Lawyer Appeals Disciplinary Case That Started With A Speeding Ticket
While visiting family in Connecticut, he was pulled over in Windham County for speeding. Instead of paying the $148 fine, Williams pleaded not guilty and provided authorities with a post office box number in Hong Kong. He instructed them to direct all correspondence relating to the traffic offense to that address. But he then closed the post office box, and didn't show up for a hearing for which authorities said they sent him notice.
Williams, who says he didn't get the notices he was supposed to, was subsequently stopped in Connecticut and charged with driving with a suspended driver's license. He appeared in court, where the suspended license infraction and the failure to appear at the speeding ticket hearing charge were combined. Williams chose to fight both. "I didn't go about it like a person who knows nothing about the law, and sign the forms they wanted me to sign with a little pencil," he said. "No, I researched the law and I filed motions. How dare I?"
His traffic case was originally assigned to Judge Michael E. Riley in the Windham Judicial District. When an evidentiary hearing was scheduled to determine if proper notice — about both the speeding ticket hearing and subsequent license suspension — had in fact been sent to Williams, he sent a letter to the Deputy Chief Clerk of Court in Danielson.
In that letter, Williams wrote "that it was obvious a mistake was made by the Clerk's Office, and that the notices were not sent to the correct address." Beyond that, Williams wrote, ethical problems could arise if the clerk was to work with the prosecutors' office in the matter. He added: "You should consider whether you wish to obtain independent legal counsel."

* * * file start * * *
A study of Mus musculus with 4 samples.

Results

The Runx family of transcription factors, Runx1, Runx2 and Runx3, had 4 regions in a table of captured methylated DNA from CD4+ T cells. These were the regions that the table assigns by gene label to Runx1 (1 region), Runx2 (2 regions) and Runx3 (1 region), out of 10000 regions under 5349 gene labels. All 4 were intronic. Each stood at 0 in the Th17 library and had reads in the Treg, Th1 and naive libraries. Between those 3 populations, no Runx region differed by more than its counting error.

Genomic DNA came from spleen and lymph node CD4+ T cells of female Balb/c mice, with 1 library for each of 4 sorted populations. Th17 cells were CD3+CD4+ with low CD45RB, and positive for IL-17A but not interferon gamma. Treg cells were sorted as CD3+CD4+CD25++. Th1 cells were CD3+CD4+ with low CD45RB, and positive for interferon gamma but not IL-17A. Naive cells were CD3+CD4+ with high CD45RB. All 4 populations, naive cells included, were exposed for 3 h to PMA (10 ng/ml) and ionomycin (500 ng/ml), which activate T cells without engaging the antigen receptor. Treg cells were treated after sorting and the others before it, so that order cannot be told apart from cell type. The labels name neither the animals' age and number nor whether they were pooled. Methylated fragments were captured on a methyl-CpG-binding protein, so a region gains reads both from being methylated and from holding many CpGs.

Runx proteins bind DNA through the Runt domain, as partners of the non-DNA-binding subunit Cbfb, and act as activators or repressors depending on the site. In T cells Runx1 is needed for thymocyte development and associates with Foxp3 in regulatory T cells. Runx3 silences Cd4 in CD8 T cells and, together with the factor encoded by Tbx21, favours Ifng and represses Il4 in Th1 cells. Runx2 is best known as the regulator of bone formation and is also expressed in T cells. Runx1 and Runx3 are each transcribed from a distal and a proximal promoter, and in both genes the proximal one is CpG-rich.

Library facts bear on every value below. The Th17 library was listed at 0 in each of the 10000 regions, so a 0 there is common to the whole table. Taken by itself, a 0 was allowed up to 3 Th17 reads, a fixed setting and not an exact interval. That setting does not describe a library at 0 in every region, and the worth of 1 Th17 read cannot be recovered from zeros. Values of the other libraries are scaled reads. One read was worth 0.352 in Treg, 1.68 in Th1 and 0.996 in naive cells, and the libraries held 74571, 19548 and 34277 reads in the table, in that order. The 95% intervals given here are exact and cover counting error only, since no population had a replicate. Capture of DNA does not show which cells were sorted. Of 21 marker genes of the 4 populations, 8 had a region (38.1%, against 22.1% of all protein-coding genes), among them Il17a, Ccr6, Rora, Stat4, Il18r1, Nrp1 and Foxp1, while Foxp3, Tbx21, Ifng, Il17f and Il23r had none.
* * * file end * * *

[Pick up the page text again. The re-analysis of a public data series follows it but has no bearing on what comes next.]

The letter was brought to the attention of Judge Frances Foley III, the administrative judge for the Windham J.D. Foley moved for disciplinary actions against Williams. At one early hearing, the judge admonished Williams. According to court records, Foley said the attorney had given the clerk's office "unsolicited legal advice" and that Williams had improperly suggested the conduct of the state's attorney's office was unethical.
For those things, Foley said, "you have failed to follow the rules laid down in the Practice Book."
In the grievance case that followed, Williams was presented with charges of violating a handful of rules in Connecticut, including Practice Book Rule 4.4, which states a lawyer cannot "use means that have no substantial purpose other than to embarrass, delay or burden" another person.
Due Process Complaints
After Connecticut suspended Williams, other states where he was licensed followed suit.
He is challenging his punishment on several grounds. First, he claims that the state misinterpreted the Practice Book rule used to justify his punishment and that his rights were violated during the disciplinary process because he wasn't allowed to question his accusers or call witnesses.